Shildt's decision to walk Hoskins twice pays off in Hudson's strong start
@paul_casella
May 30, 2019

PHILADELPHIA -- In a month when not much has gone right for the Cardinals, a pair of pivotal decisions finally tilted in St. Louis' favor in Thursday's 5-3 win over the Phillies at Citizens Bank Park. With the Cardinals leading 2-0 in the bottom of the fourth, manager Mike Shildt

PHILADELPHIA -- In a month when not much has gone right for the Cardinals, a pair of pivotal decisions finally tilted in St. Louis' favor in Thursday's 5-3 win over the Phillies at Citizens Bank Park.

With the Cardinals leading 2-0 in the bottom of the fourth, manager Mike Shildt elected to intentionally walk Rhys Hoskins to load the bases with only one out following a Bryce Harper double. César Hernández followed with a run-scoring fielder's choice, but starter Dakota Hudson avoided any further damage by getting Scott Kingery to pop out.

Two innings later, with the Cardinals still clinging to a 2-1 lead, they faced an identical situation -- and made the same decision. After a one-out double by Harper, St. Louis intentionally walked Hoskins to load the bases for Hernandez. This time, the Phillies second baseman ripped a 104.6 mph line drive toward the middle, but shortstop Paul DeJong snagged it and quickly tagged Harper for an inning-ending double play.

Box score

"Hoskins is a dangerous guy," Shildt said. "Not that Hernandez isn't, but basically you're setting up an opportunity for one pitch to hopefully get you out of the inning."

After holding the Phillies to just one total run in those two bases-loaded, one-out situations, the Cardinals received some insurance in the top of the seventh courtesy of a two-run homer by Jedd Gyorko and a pinch-hit solo shot from Matt Carpenter. Marcell Ozuna and Matt Wieters had hit solo homers of their own in the second inning, as the Cardinals matched a season high with four homers.

"The momentum of the game was that double-play ball," Shildt said. "Then to come back in and score three, that was a huge momentum swing defensively, and we turned it into some offensive momentum, as well."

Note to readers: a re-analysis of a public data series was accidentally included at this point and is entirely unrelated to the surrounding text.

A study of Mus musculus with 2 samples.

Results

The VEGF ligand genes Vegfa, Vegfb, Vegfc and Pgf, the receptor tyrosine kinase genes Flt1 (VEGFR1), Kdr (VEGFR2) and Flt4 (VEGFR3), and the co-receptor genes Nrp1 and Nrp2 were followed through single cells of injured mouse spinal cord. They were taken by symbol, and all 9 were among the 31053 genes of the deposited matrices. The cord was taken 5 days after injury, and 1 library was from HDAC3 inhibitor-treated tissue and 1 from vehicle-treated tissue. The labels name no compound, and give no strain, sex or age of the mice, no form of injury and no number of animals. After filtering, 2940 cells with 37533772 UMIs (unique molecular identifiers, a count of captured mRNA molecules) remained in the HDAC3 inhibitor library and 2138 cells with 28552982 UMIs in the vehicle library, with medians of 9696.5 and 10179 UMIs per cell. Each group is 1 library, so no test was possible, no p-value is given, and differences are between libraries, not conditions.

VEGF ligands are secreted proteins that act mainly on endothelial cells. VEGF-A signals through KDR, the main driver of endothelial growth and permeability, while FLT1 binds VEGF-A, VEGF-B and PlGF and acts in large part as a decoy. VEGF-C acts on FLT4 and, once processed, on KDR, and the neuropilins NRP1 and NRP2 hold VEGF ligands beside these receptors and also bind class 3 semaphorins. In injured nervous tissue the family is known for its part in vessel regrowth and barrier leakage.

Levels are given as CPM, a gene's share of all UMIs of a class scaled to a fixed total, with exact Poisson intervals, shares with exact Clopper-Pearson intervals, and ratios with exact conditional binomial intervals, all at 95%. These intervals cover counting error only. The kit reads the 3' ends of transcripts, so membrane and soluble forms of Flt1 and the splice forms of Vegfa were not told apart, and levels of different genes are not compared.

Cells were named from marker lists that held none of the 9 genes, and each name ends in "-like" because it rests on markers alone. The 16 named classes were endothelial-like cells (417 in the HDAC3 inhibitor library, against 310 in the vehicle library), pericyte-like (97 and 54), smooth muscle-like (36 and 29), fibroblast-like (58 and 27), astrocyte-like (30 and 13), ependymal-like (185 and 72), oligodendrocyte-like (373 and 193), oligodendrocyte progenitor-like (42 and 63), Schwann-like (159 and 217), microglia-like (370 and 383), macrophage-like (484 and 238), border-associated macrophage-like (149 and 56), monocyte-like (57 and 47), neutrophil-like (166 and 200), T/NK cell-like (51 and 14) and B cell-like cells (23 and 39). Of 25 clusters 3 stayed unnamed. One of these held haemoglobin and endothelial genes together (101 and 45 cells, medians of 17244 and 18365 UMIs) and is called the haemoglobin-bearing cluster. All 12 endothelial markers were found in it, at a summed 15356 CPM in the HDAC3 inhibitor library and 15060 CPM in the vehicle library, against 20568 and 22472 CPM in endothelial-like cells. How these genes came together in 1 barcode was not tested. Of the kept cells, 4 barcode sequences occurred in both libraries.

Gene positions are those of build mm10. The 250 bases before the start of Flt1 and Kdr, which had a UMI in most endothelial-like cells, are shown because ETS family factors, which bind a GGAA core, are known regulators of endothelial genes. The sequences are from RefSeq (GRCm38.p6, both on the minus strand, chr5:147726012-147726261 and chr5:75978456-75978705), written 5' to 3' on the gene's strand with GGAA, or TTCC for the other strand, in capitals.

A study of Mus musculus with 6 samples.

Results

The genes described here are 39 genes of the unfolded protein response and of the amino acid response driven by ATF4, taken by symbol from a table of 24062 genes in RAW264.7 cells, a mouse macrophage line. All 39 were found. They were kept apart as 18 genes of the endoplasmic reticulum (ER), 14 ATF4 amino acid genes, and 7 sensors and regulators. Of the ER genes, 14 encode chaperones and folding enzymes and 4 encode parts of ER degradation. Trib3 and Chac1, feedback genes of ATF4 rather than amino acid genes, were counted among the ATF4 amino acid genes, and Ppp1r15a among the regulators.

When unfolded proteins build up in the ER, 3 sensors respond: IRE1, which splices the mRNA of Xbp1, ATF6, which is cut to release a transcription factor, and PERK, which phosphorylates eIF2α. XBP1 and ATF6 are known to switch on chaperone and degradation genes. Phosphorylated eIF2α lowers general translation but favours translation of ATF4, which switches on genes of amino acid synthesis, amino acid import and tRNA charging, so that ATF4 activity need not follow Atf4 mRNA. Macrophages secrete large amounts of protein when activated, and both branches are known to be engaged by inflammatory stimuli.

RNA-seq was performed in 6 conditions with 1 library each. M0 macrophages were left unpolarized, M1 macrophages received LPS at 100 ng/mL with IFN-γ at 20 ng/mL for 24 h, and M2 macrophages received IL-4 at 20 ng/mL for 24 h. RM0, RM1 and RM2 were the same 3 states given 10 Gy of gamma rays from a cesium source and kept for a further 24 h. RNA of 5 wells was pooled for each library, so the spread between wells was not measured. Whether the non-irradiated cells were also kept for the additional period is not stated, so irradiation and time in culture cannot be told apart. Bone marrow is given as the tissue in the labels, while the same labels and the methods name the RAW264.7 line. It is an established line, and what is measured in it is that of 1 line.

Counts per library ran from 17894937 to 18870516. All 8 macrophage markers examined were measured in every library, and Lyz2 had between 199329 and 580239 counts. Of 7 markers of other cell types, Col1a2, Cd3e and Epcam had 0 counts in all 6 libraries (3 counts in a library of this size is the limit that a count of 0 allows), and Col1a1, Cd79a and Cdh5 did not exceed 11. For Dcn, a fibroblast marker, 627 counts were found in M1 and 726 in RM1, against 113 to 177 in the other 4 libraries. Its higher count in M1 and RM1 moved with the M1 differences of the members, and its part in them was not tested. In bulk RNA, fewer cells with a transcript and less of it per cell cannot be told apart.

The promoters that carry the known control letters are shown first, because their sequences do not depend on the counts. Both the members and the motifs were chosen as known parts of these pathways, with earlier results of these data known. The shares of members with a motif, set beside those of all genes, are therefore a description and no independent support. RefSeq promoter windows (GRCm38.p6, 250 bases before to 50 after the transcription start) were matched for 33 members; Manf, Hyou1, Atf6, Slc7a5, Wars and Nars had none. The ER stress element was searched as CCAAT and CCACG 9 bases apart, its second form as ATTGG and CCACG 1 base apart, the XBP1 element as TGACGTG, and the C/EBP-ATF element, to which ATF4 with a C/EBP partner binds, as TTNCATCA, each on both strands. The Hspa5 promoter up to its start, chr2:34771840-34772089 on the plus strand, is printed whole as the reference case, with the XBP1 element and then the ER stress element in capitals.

The decision for Shildt came down to Hudson's propensity for inducing ground balls. Hudson, who throws his sinker 48 percent of the time, entered the day with a ground-ball rate of 61.8 percent -- highest in the Majors among any pitcher with at least 50 innings.

"I feel like [Shildt] puts me in a situation where I can be successful," Hudson said. "Getting ground balls is my thing, so I'd rather roll the dice on that too -- but it feels great to be coming from my manager."

Hudson has earned the benefit of the doubt from his skipper, given his recent performance. The 24-year-old righty has turned in four consecutive quality starts, while putting up a 2.80 ERA in six May starts.

He's also played a key role for the Cardinals during their recent struggles. Over the past 13 games, St. Louis is 3-0 when Hudson starts, compared to just 1-9 with anyone else on the mound.

"Trust is a word I use a lot. Quite honestly, I manage with it," Shildt said. "It can't be blind, but it's also there. I trust our group. I trust our guys to make plays and make pitches.

"I can't manage scared -- and I won't. But I'll manage to their strengths with the expectation that they'll execute."

Hudson allowed just the one run over six innings, before four relievers combined to shut the door. Jordan Hicks bounced back from Sunday's rough outing against the Braves with a perfect ninth, with some help from right fielder Dexter Fowler, who scaled the wall in foul territory to make a sensational game-ending grab.

"It was awesome, man," Fowler said. "It was awesome to pick up that win. We've been battling as a team. There was a fan over there that just kept talking to me, and talking to me -- for like an inning and a half. So I just smiled at him [after the catch]. Guy didn't like that very much."

Though it was an outfielder who put the exclamation point on Thursday's win, Hudson once again leaned on his infield in his latest victory.

"We'll go through the week and I'll have our middle infielders coming up to me saying, 'When are you gonna throw?'" Hudson said. "I get excited all week long. I watch the other guys go out and do their thing, then I feel like I'm ready to go out and compete to win a game every time I'm out there.

Paul Casella is a reporter/editor for MLB.com based in Philadelphia. Follow him on Twitter @paul_casella.